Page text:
It’s always a challenge keeping veterinary clinic costs to a minimum.
Paying close attention to the finer details in your veterinary office lease agreement when starting a practice or approaching your lease renewal or expiry date is important for keeping clinic costs low, and protecting yourself from financial disasters down the line. Here are 5 lease negotiation tips a veterinarian can follow to help control clinic costs, and avoid financial traps in the long run.
1. Capping Rental Escalations
Your “Annual Base Rent” is the amount that you agree (or agreed) to pay your landlord for occupying your veterinary clinic. Securing reasonable rental rates when you open your clinic, or at renewal time, will help you remain profitable as your clinic grows. Try to protect rental rates and unreasonable escalations by negotiating a cap on annual rental escalations with your landlord.
2. Research Market Rental Rates
Do your due diligence to research rental rates for buildings in the neighborhood of your veterinary practice, and try to find out what the landlord is asking for other comparable vacant spaces in the building/center. This will help you better understand whether your proposed lease rates are fair or not. Cirrus Consulting Group has access to commercial market real estate data such as vacancy rates and rental rates. If you’re curious about your rental rates, and how they compare to similar properties in your neighborhood, schedule a complimentary rent analysis with us.
3. Options to Extend
The “option to extend” provision in the veterinary office lease provides tenants the ability to extend their tenancy in the building under the same agreed upon terms in the lease agreement. The “extension deadline” is the last day that you may exercise your option to extend the lease term. Negotiating “options” into your lease is beneficial because they can protect you from rental escalations and provide you with the flexibility to stay in your space, even if the landlord has other plans for the space at the end of your term.
4. Understanding Operating Costs
Operating costs are the expenses related to the operation and running of the building. It’s important to ensure that you have the right to review/audit statements of operating costs written into your lease agreement, affording you the transparency of knowing exactly what you’re being charged for. Unfortunately, some landlords have been known to pass on various unreasonable expenses to their tenants, filing them under the term “operating costs.” Here are some examples of unreasonable expenses:
Improvements made to the property to increase its value that doesn’t affect you.
Real estate broker commissions.
Professional fees that are unrelated to your unit.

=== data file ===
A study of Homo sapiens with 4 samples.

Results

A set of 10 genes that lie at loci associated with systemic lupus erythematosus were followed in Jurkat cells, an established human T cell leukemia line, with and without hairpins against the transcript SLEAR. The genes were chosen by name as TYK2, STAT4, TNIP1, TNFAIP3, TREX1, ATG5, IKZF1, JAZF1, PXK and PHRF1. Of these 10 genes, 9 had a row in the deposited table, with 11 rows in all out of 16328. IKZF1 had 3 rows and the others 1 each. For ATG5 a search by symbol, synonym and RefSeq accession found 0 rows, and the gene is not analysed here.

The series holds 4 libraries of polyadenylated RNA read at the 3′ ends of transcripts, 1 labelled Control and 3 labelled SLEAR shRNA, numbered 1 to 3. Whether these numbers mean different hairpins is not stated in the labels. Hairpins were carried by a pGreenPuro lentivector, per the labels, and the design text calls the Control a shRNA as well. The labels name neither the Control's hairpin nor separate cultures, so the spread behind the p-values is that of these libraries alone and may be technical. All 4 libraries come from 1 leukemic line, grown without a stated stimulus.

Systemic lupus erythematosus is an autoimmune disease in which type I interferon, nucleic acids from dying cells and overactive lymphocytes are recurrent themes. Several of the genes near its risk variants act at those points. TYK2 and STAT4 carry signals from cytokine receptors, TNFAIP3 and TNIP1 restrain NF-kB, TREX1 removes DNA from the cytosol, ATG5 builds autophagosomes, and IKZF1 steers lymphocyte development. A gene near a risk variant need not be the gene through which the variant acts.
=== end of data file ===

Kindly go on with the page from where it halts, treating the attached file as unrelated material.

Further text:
Interest or principle payments on mortgages or debt costs (unless it is your debt or TIA – tenant improvement allowance).
Common Area Maintenance (CAM) charges on vacant space in the building.
Marketing fees that do not increase traffic to the building, and are not helping your business.
Administration Fees – ensure you’re not overpaying in administration fees. Anything over 5% is unreasonable. Also, be aware that “administration fees” and “management fees” mean the same thing; make sure you’re not being charged twice.
5. “Surrendering” the Space at Sale Time
Any veterinarian who has built out their clinic from scratch knows firsthand that converting an empty space into a functioning animal hospital is expensive. It is typical for veterinarians to spend $100-$150 dollars per square foot to build out a new clinic, easily amounting to hundreds of thousands of dollars. Now thinking long term, when you decide to relocate, retire, or sell the practice, the Surrender clause in your lease agreement will dictate how you are to leave the space when you exit the premises. To avoid the expensive costs related to the demolition and construction of the space, try to negotiate the wording of the “Surrender of Premises” clause in your lease to release you from the liability of having to restore the space back to its original shell condition (base building standards) when you vacate.
These are just some of the ways to lower lease costs and protect yourself from expensive traps in your veterinary office lease. However, the best way to ensure that your lease is set up with economic and risk-free terms is to have the agreement reviewed by professional Veterinary Office Lease Negotiators before you sign or renew it. Negotiating a healthy lease now could prevent you from paying more later.
Questions about your veterinary office lease or upcoming negotiation?
Schedule your complimentary consultation with a lease expert today!